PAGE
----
Collaborating Authors

A Multi-Disciplinary Review of Knowledge Acquisition Methods: From Human to Autonomous Eliciting Agents Artificial Intelligence

This paper offers a multi-disciplinary review of knowledge acquisition methods in human activity systems. The review captures the degree of involvement of various types of agencies in the knowledge acquisition process, and proposes a classification with three categories of methods: the human agent, the human-inspired agent, and the autonomous machine agent methods. In the first two categories, the acquisition of knowledge is seen as a cognitive task analysis exercise, while in the third category knowledge acquisition is treated as an autonomous knowledge-discovery endeavour. The motivation for this classification stems from the continuous change over time of the structure, meaning and purpose of human activity systems, which are seen as the factor that fuelled researchers' and practitioners' efforts in knowledge acquisition for more than a century. We show through this review that the KA field is increasingly active due to the higher and higher pace of change in human activity, and conclude by discussing the emergence of a fourth category of knowledge acquisition methods, which are based on red-teaming and co-evolution.

Research on the Brain-inspired Cross-media Neural Cognitive Computing Framework Artificial Intelligence

To address modeling problems of brain-inspired intelligence, this thesis is focused on researching in the semantic-oriented framework design for image, audio, language and video. The Multimedia Neural Cognitive Computing (MNCC) model was designed based on the nervous mechanism and cognitive architecture. Furthermore, the semantic-oriented hierarchical Cross-media Neural Cognitive Computing (CNCC) framework was proposed based on MNCC, and formal description and analysis for CNCC was given. It would effectively improve the performance of semantic processing for multimedia information, and has far-reaching significance for exploration and realization brain-inspired computing.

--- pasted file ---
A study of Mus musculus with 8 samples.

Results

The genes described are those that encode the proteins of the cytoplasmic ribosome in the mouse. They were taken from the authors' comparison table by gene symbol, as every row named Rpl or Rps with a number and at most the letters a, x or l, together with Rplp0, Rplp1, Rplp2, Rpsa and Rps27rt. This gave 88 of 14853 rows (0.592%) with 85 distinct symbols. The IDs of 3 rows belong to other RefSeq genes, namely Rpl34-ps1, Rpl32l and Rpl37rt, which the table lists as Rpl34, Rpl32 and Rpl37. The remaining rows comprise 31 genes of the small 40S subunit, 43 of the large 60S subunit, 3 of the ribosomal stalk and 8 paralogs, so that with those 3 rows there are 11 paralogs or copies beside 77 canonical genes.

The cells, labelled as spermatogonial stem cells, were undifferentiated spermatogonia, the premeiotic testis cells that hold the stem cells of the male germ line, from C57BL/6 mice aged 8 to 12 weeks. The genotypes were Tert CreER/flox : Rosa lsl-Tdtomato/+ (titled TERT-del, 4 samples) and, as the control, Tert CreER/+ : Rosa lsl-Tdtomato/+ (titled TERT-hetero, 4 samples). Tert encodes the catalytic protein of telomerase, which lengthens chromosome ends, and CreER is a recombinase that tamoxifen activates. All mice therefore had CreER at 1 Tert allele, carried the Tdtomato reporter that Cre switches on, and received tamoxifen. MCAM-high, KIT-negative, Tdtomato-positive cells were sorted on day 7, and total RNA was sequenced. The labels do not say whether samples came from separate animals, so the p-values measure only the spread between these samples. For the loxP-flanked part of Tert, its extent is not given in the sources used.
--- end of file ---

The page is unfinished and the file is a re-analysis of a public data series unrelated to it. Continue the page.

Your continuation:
The Tensor Brain: Semantic Decoding for Perception and Memory Artificial Intelligence

We analyse perception and memory using mathematical models for knowledge graphs and tensors to gain insights in the corresponding functionalities of the human mind. Our discussion is based on the concept of propositional sentences consisting of \textit{subject-predicate-object} (SPO) triples for expressing elementary facts. SPO sentences are the basis for most natural languages but might also be important for explicit perception and declarative memories, as well as intra-brain communication and the ability to argue and reason. A set of SPO sentences can be described as a knowledge graph, which can be transformed into an adjacency tensor. We introduce tensor models, where concepts have dual representations as indices and associated embeddings, two constructs we believe are essential for the understanding of implicit and explicit perception and memory in the brain. We argue that a biological realization of perception and memory imposes constraints on information processing. In particular, we propose that explicit perception and declarative memories require a semantic decoder, which, in a simple realization, is based on four layers: First, a sensory memory layer, as a buffer for sensory input, second, an index layer representing concepts, third, a memoryless representation layer for the broadcasting of information and fourth, a working memory layer as a processing center and data buffer. In a Bayesian brain interpretation, semantic memory defines the prior for triple statements. We propose that, in evolution and during development, semantic memory, episodic memory and natural language evolved as emergent properties in the agents' process to gain deeper understanding of sensory information. We present a concrete model realization and validate some aspects of our proposed model on benchmark data where we demonstrate state-of-the-art performance.

Explanation in Human-AI Systems: A Literature Meta-Review, Synopsis of Key Ideas and Publications, and Bibliography for Explainable AI Artificial Intelligence

This is an integrative review that address the question, "What makes for a good explanation?" with reference to AI systems. Pertinent literatures are vast. Thus, this review is necessarily selective. That said, most of the key concepts and issues are expressed in this Report. The Report encapsulates the history of computer science efforts to create systems that explain and instruct (intelligent tutoring systems and expert systems). The Report expresses the explainability issues and challenges in modern AI, and presents capsule views of the leading psychological theories of explanation. Certain articles stand out by virtue of their particular relevance to XAI, and their methods, results, and key points are highlighted. It is recommended that AI/XAI researchers be encouraged to include in their research reports fuller details on their empirical or experimental methods, in the fashion of experimental psychology research reports: details on Participants, Instructions, Procedures, Tasks, Dependent Variables (operational definitions of the measures and metrics), Independent Variables (conditions), and Control Conditions.